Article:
Who would have thought that when fascism came to America, it would be implemented by harmless-sounding agencies like the U.S. Fish and Wildlife Service? In its latest crime against liberty, this malignant tentacle of Big Government wraps itself around the neck of an American icon:
Federal agents swooped in on Gibson Guitar Wednesday, raiding factories and offices in Memphis and Nashville, seizing several pallets of wood, electronic files and guitars. The Feds are keeping mum, but in a statement yesterday Gibson’s chairman and CEO, Henry Juszkiewicz, defended his company’s manufacturing policies, accusing the Justice Department of bullying the company. “The wood the government seized Wednesday is from a Forest Stewardship Council certified supplier,” he said, suggesting the Feds are using the aggressive enforcement of overly broad laws to make the company cry uncle.
It isn’t the first time that agents of the Fish and Wildlife Service have come knocking at the storied maker of such iconic instruments as the Les Paul electric guitar, the J-160E acoustic-electric John Lennon played, and essential jazz-boxes such as Charlie Christian’s ES-150. In 2009 the Feds seized several guitars and pallets of wood from a Gibson factory, and both sides have been wrangling over the goods in a case with the delightful name “United States of America v. Ebony Wood in Various Forms.”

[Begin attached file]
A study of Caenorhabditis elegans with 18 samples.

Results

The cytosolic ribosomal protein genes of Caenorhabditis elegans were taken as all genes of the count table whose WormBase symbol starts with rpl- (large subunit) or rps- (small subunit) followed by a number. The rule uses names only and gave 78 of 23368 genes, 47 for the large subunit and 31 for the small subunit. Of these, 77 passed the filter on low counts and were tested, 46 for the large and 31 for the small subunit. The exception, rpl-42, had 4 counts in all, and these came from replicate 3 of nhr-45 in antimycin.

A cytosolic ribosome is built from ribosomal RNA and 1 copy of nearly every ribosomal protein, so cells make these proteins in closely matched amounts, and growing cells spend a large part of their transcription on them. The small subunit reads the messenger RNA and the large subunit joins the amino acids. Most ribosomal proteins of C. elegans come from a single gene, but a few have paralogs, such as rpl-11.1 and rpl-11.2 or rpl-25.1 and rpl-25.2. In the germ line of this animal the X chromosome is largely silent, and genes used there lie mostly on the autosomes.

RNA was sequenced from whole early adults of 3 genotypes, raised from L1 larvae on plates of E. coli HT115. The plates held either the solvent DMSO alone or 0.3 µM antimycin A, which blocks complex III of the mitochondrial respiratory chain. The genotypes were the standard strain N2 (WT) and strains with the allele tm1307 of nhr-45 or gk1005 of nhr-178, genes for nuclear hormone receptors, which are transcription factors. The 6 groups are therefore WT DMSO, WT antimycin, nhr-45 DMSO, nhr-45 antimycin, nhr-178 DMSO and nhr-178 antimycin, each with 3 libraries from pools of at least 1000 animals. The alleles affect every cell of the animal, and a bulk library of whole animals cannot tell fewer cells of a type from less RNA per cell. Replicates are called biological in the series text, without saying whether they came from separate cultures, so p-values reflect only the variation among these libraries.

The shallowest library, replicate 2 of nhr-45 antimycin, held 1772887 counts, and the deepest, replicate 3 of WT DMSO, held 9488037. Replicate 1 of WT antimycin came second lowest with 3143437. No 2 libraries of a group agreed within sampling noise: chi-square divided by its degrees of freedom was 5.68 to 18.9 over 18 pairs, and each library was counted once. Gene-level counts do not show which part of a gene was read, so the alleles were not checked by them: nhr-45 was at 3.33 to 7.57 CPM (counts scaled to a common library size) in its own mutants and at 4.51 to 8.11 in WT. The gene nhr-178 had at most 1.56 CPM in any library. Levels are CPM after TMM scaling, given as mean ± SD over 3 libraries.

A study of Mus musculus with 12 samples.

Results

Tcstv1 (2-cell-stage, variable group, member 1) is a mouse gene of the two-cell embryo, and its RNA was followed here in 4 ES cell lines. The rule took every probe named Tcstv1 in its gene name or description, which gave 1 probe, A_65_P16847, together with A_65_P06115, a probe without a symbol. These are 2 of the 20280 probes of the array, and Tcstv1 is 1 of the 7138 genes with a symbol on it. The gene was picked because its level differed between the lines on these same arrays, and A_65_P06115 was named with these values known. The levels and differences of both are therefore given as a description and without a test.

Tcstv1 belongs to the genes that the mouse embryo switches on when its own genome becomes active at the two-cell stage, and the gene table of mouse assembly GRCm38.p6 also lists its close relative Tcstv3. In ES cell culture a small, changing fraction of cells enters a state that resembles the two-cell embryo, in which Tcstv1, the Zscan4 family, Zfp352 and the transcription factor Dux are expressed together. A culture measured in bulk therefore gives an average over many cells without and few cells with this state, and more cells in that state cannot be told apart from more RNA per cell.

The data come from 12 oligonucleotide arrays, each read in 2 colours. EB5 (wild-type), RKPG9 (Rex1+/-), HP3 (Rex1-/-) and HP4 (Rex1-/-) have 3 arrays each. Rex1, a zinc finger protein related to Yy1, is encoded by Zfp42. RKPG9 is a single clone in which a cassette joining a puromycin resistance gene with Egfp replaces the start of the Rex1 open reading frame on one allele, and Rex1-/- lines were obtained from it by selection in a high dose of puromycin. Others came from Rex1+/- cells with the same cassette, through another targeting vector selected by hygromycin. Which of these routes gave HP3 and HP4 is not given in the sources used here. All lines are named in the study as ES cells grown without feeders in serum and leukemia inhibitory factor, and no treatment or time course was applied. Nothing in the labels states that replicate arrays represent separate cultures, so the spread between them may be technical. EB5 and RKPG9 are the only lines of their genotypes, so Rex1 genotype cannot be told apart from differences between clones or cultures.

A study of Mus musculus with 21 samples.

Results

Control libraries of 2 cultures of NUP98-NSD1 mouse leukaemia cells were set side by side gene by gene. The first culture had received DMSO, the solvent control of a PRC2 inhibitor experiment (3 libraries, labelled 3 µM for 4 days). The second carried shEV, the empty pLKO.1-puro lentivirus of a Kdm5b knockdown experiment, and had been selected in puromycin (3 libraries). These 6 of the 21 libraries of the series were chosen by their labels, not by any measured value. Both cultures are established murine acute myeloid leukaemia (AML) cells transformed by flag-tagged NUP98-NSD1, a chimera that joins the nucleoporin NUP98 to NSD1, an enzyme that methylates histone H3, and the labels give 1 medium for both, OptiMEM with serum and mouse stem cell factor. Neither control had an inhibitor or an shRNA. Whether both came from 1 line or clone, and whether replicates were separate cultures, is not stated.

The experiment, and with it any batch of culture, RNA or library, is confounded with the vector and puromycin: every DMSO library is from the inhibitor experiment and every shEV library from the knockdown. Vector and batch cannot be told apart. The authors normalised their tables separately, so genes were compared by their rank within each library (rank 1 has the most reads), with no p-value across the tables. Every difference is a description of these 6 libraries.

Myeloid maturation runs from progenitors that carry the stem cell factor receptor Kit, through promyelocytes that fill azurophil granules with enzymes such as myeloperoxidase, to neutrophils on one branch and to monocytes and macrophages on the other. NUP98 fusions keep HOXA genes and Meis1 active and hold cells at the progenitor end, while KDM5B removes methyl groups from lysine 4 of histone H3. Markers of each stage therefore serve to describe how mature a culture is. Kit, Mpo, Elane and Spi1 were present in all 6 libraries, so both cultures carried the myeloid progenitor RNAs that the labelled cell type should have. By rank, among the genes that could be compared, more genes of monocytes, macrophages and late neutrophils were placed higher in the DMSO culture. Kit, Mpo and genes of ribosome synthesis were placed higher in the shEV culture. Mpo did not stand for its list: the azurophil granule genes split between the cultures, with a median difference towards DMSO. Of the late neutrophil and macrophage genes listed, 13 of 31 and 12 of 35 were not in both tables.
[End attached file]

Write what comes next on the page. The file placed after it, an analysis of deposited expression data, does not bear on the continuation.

The question in the first raid seemed to be whether Gibson had been buying illegally harvested hardwoods from protected forests, such as the Madagascar ebony that makes for such lovely fretboards. … [W]ith the new raid, the government seems to be questioning whether some wood sourced from India met every regulatory jot and tittle.
Makers of guitars aren’t the only musical victims of our rogue rulers running amok:
Consider the recent experience of Pascal Vieillard, whose Atlanta-area company, A-440 Pianos, imported several antique Bösendorfers. Mr. Vieillard asked officials at the Convention on International Trade in Endangered Species how to fill out the correct paperwork — which simply encouraged them to alert U.S. Customs to give his shipment added scrutiny.
There was never any question that the instruments were old enough to have grandfathered ivory keys. But Mr. Vieillard didn’t have his paperwork straight when two-dozen federal agents came calling.
Facing criminal charges that might have put him in prison for years, Mr. Vieillard pleaded guilty to a misdemeanor count of violating the Lacey Act, and was handed a $17,500 fine and three years probation.
Just as non-politically correct food tastes better and non-politically correct cars drive better, musical instruments made out of non-politically correct materials sound better. Once again we see that liberalism being a totalitarian ideology, there is no corner of human existence that it won’t repress and diminish.
On tips from J, Ghost of FA Hayek, SR, Cargo Pilot, and oferphuxake.